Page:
Published Tuesday Oct 16, 2018
The internationally acclaimed Tennessee Tech Tuba Ensemble will present its annual fall Octubafest performance at 7:30 p.m. Wednesday, Oct. 24, in Wattenbarger Auditorium in the Bryan Fine Arts building.
The Ensemble, which is currently celebrating its 52nd season, is documented as the most recorded ensemble of its kind in the world.
Octubafest 2018 will feature the music of one of Tennessee Tech’s best-known composition students from 1975, Señor Aldo Rafael Forte, an internationally renowned composer.
Born in Havana, Cuba, Forte, now a U.S. citizen, was raised in Huntsville, Alabama, and holds music degrees from Tennessee Tech and the University of Southern Mississippi. His works have been commissioned, performed and recorded on five continents. He enjoyed a 26-year career as composer/arranger in the U.S. Air Force band.
Forte’s earliest composition for Tech’s Tuba Ensemble dates to 1973, the Adagio and Rondo, which will be performed in addition to other compositions that he did for Tech’s group over the past 45 years. The ensemble will present the world premiere performance of his newest composition titled “Cortege (in memory of Maria Forte),” that he recently completed in honor of his mother who passed away a year ago. This composition in the form of a funeral processional that celebrates a life well-lived with the low brass and dirge-like percussion accompaniment.
The program will open with the first performance of an Antonio Vivaldi “Fugue in D Minor” arranged by Glenn Martin, also a Tech graduate. This “concerto grosso” polyphonic composition will feature three members of the Tuba Ensemble as soloists: Tyler Ricks, senior euphonium student from Mt. Juliet; Taylor Winkler, a junior euphonium student from Brentwood; and Tom Ryan, senior tuba major from San Diego, California.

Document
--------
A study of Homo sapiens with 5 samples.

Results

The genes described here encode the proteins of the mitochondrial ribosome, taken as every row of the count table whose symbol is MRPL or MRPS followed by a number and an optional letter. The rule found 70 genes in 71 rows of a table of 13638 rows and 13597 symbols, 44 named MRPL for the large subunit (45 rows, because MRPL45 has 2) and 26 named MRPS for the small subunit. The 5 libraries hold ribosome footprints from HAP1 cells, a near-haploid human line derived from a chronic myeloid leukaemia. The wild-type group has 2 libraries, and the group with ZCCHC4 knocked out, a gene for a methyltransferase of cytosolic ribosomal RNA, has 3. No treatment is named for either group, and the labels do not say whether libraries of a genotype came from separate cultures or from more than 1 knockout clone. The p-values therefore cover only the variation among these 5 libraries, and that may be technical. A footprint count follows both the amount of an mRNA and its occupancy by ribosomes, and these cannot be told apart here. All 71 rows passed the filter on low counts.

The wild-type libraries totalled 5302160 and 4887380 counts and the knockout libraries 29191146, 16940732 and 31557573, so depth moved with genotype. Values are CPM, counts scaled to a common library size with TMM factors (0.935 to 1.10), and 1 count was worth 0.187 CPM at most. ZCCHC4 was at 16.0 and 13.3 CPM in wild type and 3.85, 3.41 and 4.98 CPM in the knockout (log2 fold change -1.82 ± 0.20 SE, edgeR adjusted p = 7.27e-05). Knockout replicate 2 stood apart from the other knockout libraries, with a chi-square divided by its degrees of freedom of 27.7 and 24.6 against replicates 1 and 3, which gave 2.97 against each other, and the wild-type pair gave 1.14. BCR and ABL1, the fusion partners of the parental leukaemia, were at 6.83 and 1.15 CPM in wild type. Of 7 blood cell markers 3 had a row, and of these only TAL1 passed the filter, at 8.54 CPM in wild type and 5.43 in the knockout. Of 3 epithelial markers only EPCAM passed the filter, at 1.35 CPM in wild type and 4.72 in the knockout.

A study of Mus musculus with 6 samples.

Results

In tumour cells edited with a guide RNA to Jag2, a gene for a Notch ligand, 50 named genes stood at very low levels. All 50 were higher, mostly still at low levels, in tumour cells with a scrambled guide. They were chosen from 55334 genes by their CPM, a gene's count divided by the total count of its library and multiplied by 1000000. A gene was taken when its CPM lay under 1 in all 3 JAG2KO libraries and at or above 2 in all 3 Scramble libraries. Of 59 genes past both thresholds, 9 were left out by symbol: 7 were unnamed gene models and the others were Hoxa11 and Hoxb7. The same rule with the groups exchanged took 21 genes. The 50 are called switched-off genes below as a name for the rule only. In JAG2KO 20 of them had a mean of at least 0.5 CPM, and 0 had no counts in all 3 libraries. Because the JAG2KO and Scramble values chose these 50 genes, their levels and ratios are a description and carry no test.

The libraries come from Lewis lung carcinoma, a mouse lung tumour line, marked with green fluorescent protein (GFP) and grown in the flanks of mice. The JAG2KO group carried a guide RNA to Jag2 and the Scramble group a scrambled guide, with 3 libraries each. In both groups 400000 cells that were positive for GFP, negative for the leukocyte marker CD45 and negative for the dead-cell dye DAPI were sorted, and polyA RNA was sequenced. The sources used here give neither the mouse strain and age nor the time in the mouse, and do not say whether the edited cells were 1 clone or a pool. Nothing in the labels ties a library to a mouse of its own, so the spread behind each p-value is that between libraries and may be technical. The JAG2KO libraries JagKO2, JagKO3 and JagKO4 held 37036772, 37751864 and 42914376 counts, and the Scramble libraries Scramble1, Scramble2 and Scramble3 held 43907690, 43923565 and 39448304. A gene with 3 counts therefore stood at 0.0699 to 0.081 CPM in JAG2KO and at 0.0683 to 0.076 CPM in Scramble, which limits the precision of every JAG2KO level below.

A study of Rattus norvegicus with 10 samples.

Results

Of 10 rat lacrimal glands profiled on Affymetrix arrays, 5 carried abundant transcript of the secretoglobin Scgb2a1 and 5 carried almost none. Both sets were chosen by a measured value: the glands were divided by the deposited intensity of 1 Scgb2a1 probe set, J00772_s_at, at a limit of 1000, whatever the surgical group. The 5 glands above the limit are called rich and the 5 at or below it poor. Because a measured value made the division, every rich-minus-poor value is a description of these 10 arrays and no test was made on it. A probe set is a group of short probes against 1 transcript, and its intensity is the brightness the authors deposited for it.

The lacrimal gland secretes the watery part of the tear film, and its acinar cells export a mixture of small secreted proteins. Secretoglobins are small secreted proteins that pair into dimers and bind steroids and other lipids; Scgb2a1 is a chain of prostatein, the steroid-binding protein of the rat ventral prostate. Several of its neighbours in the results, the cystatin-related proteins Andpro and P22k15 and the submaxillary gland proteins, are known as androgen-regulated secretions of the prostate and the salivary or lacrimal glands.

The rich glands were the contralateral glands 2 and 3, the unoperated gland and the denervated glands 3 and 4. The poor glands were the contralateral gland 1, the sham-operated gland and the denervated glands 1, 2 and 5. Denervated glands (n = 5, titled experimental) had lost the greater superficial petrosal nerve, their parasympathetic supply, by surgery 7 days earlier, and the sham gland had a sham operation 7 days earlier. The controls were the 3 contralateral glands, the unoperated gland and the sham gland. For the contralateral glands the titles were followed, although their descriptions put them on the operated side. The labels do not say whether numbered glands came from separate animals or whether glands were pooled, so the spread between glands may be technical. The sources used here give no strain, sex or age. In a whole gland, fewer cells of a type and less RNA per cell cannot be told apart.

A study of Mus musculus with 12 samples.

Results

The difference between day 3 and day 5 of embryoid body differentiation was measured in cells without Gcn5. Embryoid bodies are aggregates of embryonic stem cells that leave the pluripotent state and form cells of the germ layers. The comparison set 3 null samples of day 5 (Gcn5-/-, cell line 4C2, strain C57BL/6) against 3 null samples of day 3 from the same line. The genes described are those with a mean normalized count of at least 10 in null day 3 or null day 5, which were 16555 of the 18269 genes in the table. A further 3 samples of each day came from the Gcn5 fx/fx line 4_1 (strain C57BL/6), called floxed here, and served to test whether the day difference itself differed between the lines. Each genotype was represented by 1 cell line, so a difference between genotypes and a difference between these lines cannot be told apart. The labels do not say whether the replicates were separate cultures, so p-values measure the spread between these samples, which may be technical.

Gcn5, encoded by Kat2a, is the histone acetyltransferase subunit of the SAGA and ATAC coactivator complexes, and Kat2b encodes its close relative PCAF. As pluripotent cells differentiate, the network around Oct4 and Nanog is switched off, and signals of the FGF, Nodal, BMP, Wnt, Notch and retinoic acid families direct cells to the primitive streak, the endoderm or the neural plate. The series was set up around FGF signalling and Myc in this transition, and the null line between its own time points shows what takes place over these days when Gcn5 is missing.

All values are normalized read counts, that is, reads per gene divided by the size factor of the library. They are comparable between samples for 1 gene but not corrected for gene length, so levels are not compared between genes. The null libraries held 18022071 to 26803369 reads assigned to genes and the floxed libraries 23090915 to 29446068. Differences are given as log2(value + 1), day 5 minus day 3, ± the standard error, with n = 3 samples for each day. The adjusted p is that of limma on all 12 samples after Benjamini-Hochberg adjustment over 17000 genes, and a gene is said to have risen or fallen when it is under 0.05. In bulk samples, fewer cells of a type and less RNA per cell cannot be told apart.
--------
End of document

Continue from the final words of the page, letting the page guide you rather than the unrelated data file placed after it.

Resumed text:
In keeping with the primary Spanish/Latin flavor of Señor Forte, the ensemble will feature graduate assistant Dan Davis, from San José, California, on solo tuba in a performance of the famous Joaquin Rodrigo En Aranjuez Con Tu Amor that many in the audience will recognize from famous recordings including jazz trumpeter Miles Davis’ Sketches of Spain recording.
The ensemble is the only group of its kind to have ever performed in New York’s Carnegie Hall, having presented eight unprecedented performances there dating back to the first performance in 1975. The ensemble has also performed at two World Fairs, and numerous appearances from Preservation Hall in New Orleans, the Spoletto Festival in Charleston and the Smithsonian Institute in Washington, along with numerous national and international festivals and conferences.
The concert is free and open to the public.